On Thursday, Democratic Congressman Alan Grayson told MSNBC’s Chris Hayes that Syria is “simply not our problem.” I am not a fan of this argument. The civil war in Syria may not be the US government’s “problem,” or at least it shouldn’t be given its record from Vietnam to Iraq of killing the people it ostensibly wants to save, but I don’t think people here should simply avoid addressing a problem because it’s happening to people over there. We should probably just do it without bombs.
Some have called Grayson’s comments disgusting, language they’d never use to describe a US air strike that kills civilians. I think Grayson’s just trying to make what he believes to be the most compelling antiwar argument to the American public: that shit’s bad enough here at home, so what are we doing trying to fix other people’s problems? But Grayson is still perpetuating the idea that one’s concern for a fellow human being should be determined by which nation-state they were born in, which is indeed gross. A better argument is that the US government never goes to war for “humanitarian” reasons and, when it says it does, it ends up making things worse.
But Grayson could be on to something: his argument may be the most compelling to the average American who still thinks Syria is a George Clooney film. And far more troubling than nationalist arguments against killing people is the partisan argument that we ought to maybe just give Obama his little war because: Republicans. That argument was put to Grayson by Hayes, who told the congressman:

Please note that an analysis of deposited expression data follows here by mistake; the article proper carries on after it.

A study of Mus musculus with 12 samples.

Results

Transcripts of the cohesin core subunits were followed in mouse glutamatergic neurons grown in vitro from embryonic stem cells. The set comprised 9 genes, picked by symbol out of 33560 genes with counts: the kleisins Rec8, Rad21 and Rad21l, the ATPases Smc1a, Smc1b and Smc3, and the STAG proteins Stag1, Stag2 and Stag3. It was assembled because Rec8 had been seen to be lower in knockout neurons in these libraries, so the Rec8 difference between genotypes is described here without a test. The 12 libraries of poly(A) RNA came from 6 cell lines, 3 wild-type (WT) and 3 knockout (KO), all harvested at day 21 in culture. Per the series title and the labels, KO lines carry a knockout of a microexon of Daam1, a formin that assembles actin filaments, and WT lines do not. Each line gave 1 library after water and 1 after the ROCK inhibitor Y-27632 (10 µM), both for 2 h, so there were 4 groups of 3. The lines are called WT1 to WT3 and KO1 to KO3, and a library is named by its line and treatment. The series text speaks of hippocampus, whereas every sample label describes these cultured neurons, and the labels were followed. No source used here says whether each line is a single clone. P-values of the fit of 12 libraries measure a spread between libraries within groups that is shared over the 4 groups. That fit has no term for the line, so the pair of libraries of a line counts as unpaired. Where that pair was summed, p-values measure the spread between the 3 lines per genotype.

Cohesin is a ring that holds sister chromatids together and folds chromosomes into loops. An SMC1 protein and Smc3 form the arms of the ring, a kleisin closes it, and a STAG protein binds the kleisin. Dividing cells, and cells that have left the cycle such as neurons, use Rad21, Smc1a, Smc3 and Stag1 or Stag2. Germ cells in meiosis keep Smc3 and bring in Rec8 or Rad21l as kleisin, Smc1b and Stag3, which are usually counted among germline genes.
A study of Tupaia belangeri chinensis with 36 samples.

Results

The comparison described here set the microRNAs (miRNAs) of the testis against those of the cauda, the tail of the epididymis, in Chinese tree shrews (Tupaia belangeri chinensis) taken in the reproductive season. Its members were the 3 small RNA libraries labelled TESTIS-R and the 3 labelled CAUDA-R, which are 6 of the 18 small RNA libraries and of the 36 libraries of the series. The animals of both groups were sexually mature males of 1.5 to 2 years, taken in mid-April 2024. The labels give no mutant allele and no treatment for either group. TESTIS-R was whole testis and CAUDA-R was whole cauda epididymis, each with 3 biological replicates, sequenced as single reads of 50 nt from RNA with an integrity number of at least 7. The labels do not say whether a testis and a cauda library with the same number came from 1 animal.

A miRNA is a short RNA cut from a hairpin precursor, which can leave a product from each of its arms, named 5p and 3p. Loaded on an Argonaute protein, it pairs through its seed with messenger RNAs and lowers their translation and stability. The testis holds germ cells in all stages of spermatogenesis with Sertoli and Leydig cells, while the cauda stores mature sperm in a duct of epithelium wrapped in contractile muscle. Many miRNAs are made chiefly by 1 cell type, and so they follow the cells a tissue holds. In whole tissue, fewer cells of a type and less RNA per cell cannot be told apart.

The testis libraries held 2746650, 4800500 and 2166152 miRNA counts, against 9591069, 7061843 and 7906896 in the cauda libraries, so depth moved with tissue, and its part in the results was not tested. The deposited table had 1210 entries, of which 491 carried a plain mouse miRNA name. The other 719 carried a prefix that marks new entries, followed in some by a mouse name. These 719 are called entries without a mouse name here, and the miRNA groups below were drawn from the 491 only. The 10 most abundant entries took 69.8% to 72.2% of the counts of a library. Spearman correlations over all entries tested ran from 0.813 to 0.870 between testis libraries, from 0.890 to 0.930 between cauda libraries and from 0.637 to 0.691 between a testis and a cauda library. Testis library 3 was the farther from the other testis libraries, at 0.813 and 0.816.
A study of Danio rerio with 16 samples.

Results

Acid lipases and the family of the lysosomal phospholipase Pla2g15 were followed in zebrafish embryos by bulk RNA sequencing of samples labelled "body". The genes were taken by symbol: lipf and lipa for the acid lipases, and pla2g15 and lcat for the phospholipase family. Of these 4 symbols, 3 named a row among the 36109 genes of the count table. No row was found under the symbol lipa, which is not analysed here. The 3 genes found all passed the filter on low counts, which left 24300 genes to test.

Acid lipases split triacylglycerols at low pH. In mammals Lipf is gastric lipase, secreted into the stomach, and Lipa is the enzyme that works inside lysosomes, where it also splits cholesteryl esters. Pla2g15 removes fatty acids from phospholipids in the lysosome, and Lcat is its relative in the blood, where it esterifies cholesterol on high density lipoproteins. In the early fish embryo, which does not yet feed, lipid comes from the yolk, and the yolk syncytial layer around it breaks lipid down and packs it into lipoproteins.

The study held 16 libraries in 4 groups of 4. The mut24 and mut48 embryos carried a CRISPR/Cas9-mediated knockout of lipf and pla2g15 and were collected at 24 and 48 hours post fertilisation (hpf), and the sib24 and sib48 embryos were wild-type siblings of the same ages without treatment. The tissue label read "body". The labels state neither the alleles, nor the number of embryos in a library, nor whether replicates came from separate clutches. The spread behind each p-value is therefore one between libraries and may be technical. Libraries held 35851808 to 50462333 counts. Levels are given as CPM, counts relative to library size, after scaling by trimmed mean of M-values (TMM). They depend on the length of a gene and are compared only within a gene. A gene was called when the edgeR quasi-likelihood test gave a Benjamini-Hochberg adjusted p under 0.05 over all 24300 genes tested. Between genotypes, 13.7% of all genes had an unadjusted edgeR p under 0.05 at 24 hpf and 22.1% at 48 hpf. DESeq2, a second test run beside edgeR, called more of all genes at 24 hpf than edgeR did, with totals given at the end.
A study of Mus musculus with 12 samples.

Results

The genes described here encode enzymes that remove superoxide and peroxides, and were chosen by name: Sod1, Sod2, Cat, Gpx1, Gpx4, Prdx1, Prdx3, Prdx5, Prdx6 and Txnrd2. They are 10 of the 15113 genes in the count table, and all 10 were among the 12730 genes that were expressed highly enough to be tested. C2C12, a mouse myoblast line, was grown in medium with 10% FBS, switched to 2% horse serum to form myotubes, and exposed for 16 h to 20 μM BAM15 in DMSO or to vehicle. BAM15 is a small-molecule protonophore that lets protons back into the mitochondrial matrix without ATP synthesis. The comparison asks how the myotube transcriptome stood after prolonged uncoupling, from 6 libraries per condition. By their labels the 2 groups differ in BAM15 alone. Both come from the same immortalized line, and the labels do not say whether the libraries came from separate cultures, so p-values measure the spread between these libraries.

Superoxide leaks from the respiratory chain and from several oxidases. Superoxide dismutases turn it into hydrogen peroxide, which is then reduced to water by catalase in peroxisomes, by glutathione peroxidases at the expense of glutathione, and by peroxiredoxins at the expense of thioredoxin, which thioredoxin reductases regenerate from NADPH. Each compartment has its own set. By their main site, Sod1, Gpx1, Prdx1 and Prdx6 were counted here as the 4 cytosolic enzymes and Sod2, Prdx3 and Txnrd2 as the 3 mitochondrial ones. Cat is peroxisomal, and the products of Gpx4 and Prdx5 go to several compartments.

You’re going to have a conversation with Nancy Pelosi in the next few days in which she’s going to say to you, not I think implausibly, if this vote goes down you’re destroying the last three years of this president’s administration, you’re destroying his political capital and frittering away any opportunity to get any meaningful legislation passed because you have essentially declared your own party’s president a lame duck.
There’s nothing grosser than the suggestion that we must drop bombs on people in another country, not because it’s a “last resort” or in self-defense or to save the whales or whatnot, but because the president needs his “political capital.” Hayes says he would vote against an attack on Syria were he in Congress, so I don’t fault him for bringing the argument up. It’s revealing, though, as that is clearly the argument on the lips of Democratic partisans or else it wouldn’t make it’s way on to their preferred cable news network.
Indeed, the Democratic partisan’s favorite political magazine, Mother Jones, notes the same argument. As editor David Corn writes, while Democrats in Congress may have “anti-war inclinations” — let’s let that one slide — “this time the decision for many Democrats is more difficult due to the overarching political context.” What’s that context?
The president is about to engage the Republicans on two contentious fronts: a battle over the funding of the federal government (with a possible government shutdown at risk) and a fight over raising the debt ceiling (with a possible financial crisis at risk). And tea party Republicans are attempting to bring Obamacare into the brewing mess. (Their threat: If you don’t defund Obamacare, we’ll shut down the government.) With all this looming, Democrats certainly don’t want Obama’s standing weakened, and if he loses the vote on the Syria resolution, he will be diminished.
There are arguments for and against the bombing of Syria. Some of them are bad, some of them not so bad. That we need to bomb Syrians so Americans can be forced to buy overpriced health insurance is the worst.